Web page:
Identifying critical areas to maintain connectivity.

After the satellite images analysis and the identification of possible critical sites of forest connectivity, a «Preliminary Proposal» of the Ecological Corridor was generated, estimating the sites through which jaguars could still move from north to south and vice versa, using the zones (critical areas ) where there is still native forest standing on both sides of provincial route no. 7 and there are no human settlements.

With this initial map as a base, a Red Yaguareté team carried out a field survey for a week to confirm, discard or modify the initial proposal. The preliminary area was surveyed with a drone, obtaining up-to-date, high-resolution aerial photographs that provide detailed information on the coverage of the environment in the corridor area.

For the construction of the route, large areas were dynamited, generating cliffs, many of them impassable for the passage of terrestrial fauna, including felines. There are also sites with very steep slopes that can also represent a certain complexity for the movement of jaguars and other species. For this reason, each meter of these sections was marked and they are being classified according to their difficulty level of high, medium and low passage.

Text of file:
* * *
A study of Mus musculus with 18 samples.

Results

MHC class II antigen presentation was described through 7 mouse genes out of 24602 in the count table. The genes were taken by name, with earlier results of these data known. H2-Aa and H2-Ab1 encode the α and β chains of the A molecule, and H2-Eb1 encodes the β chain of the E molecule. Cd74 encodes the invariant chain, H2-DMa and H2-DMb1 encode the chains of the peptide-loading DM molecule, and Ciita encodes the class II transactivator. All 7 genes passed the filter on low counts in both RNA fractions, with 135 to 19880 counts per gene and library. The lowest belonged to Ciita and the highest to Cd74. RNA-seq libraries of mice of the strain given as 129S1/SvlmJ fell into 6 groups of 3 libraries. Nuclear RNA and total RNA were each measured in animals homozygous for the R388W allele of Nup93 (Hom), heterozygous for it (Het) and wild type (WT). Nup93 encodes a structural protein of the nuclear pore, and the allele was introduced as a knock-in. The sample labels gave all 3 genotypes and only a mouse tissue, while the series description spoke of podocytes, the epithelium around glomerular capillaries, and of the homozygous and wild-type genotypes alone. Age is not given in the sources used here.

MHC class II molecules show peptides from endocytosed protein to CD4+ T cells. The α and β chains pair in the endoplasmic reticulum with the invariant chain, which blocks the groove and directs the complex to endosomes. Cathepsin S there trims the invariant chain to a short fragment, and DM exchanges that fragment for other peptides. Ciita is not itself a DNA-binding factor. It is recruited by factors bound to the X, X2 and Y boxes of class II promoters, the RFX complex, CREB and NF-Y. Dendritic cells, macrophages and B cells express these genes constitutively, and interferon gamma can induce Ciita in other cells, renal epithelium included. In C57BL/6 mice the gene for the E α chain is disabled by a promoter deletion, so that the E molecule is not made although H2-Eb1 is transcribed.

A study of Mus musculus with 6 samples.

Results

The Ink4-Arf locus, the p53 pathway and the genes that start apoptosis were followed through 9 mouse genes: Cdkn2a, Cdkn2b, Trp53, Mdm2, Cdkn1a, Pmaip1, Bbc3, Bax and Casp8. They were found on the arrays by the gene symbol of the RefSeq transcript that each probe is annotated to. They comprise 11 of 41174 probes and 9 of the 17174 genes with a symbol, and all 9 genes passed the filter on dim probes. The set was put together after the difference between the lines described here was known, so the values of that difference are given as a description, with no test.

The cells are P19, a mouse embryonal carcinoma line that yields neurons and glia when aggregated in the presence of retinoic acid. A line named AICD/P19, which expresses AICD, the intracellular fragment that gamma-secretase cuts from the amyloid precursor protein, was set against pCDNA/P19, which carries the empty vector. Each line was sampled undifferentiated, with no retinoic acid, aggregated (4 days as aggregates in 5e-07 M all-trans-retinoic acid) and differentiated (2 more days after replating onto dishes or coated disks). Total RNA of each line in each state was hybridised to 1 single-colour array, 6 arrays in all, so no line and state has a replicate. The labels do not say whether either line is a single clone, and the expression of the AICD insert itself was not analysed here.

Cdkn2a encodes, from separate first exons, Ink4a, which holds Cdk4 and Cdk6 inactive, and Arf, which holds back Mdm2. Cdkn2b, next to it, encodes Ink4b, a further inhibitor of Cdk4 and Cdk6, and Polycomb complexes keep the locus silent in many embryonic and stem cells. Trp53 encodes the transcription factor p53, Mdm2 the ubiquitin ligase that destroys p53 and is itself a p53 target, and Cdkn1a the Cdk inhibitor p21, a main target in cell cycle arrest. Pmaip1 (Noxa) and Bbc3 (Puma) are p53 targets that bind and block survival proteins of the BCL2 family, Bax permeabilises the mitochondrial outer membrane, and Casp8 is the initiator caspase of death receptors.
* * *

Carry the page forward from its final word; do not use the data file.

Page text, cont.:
At the same time, conversations were held with Guarani residents, settlers and others who live or carry out activities in the area identified as the «Preliminary Corridor» and who spoke in favor of the creation of a special management area that favors its inhabitants.

Soon, all this information, which is being analyzed, will allow us to know which are the actual critical crossing points where we can still expect the jaguar and many of its prey such as peccarys, deer, tapirs, etc. can move through this last forest block in the south of the Great Misiones Green Corridor and for which we must guarantee its conservation.

Works are carried out thanks to the support of the Ministry of Ecology of Misiones, the Ruiz de Montoya Municipality, Volkswagen Argentina, The Rufford Foundation and donors from Red Yaguareté.